Visualizations may take a while to draw, so let me start with a quick analysis of how one input A,A,A,A,… repeating can be represented. This may be enough to demonstrate if and where I am going wrong in my understanding of the algorithm with respect to capacity.

In the TM algorithm, when an input is completely unpredicted, all the cells in that input’s minicolumns activate (which the algorithm calls bursting), and one winning cell per minicolumn is chosen to represent the input in that context. The cell chosen for each minicolumn is chosen from the cell(s) which have the fewest distal segments, using a random tie breaker.

Suppose we have determined the first three inputs of A, and all cells now have one distal segment each. Let’s call these representations A(1), A(2), and A(3). If your layer dimensions were 4 minicolumns per input and 3 cells per minicolumn (and assuming SP boosting is not enabled), the representations might be something like this (we do not need to consider the other 196 other inactive minicolumns, since they will never have active cells in them in this scenario)

If “A” is input a fourth time, and a representation is chosen for A(4), the chances of the four random tiebreakers resulting in exactly one of these three representations is 3 / 3^4 (“number of repeated inputs” / “all possible representations”). Then for A(5) it would be 4 / 81, then for A(6) it would be 5 / 81, etc. The numerator increases by one for each new set of tiebreakers (i.e, the longer the sequence, the higher the likelihood of randomly selecting a representation that has already been used in the sequence).

What are the chances of this happening in the layer dimensions you mentioned earlier? The number of possible representations for 20 minicolumns containing 32 cells each is 32 ^ 20. Thus, in a layer of this size, it is infinitesimally likely that any element in a sequence repeating inputs would by random chance happen to be exactly the same as a previous representation, until that sequence has become astronomically long.

With this in mind, lets consider an HTM system with the dimensions that you mentioned earlier, trained on a repeating input A, A, A, A, A…

Lets train it like this, where we start with some other input Z after a reset, then increase the number of A’s one at a time. This will ensure that we always start with the A(1) representation (versus a burst in the A minicolumns which requires multiple iterations to disambiguate). Training the system this way will speed up the training process in case you want to repeat this experiment with NuPIC. The different representations involved will be learned like so:

(reset) Z → A(1)

(reset) Z → A(1) → A(2)

(reset) Z → A(1) → A(2) → A(3)

(reset) Z → A(1) → A(2) → A(3) → A(4)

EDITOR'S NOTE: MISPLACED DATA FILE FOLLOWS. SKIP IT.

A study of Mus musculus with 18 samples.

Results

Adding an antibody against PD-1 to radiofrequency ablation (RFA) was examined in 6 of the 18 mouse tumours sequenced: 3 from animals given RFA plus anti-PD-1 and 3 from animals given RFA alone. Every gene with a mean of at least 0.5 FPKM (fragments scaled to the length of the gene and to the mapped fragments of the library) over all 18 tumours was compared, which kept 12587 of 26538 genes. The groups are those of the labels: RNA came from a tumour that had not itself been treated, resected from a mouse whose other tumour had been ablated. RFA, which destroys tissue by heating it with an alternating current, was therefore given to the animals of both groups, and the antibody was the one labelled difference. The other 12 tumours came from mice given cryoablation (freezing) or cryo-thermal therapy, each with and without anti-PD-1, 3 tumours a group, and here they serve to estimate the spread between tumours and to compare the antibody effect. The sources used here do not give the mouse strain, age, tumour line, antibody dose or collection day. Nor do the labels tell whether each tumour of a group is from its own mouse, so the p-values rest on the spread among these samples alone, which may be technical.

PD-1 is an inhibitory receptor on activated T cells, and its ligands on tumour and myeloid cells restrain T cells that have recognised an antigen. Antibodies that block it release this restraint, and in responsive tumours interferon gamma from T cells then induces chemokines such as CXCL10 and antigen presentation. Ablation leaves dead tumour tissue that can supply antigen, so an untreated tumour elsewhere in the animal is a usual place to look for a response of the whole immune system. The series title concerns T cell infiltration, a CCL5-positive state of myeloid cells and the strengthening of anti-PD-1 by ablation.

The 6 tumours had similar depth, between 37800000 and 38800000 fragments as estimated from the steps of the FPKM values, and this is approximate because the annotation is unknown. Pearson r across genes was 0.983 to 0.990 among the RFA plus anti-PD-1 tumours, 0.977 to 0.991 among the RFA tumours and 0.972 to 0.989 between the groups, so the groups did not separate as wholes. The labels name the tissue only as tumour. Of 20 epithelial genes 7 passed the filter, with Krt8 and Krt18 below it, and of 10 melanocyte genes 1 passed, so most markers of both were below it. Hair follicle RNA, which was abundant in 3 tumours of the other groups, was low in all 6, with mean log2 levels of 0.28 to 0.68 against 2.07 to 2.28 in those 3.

…

(reset) Z → A(1) → A(2) → (…) → A(31) → A(32)

Now, lets assume we set the activation threshold to 1 (lowest capacity). When we begin inputting the next sequence into the pattern:

(reset) Z → A(1) → A(2) → (…) → A(32) → A(33)

The representation for A(33) will consist of random bits that are all each contained in one of the previous 32 representations for A (since all cells in the A minicolumns at this point will have been used exactly once) Thus, when A(33) becomes active, some combination of the previous A representations will become predictive, and the A minicolumns will never burst again (and thus no new representations for A will be chosen).

Thus the capacity of a system of this size and configuration (for a single repeating input) is 32 transitions. Hopefully it is intuitive that if the sequence has more diversity than just one repeating input (or is using SP boosting), the number of transitions would be larger than that. So 32 (i.e. the number of cells per minicolumn) represents a lower bound of capacity for this size of system, when the activation threshold is equal to one.

Now consider the other extreme, and assume the activation threshold is 20 (i.e. the number of minicolumns per input) *(and max synapses per segment is at least 20)*. Now each segment fully connects to each representation and can uniquely distinguish them, so we are bounded only by the number of distal segments that a cell is allowed to grow. This can be set to any arbitrary value (assuming non biological plausibility).

Thus the capacity of a system of this size and configuration *(for a single repeating input)* with activation threshold 20 is 32 ^ 20 transitions *(actually it will be something lower than this, because the unlikely random event I mentioned earlier of a previous representation being chosen will happen some time before then)*. This astronomical capacity of course comes at the cost of zero noise tolerance.

Adding in biological constraints, or configuring your system for various properties like noise tolerance, one-shot learning, etc. could place the capacity of a given HTM system with these same dimensions anywhere within this vast range of possibilities.

Does anyone see if and where I am going astray in my understanding of capacity?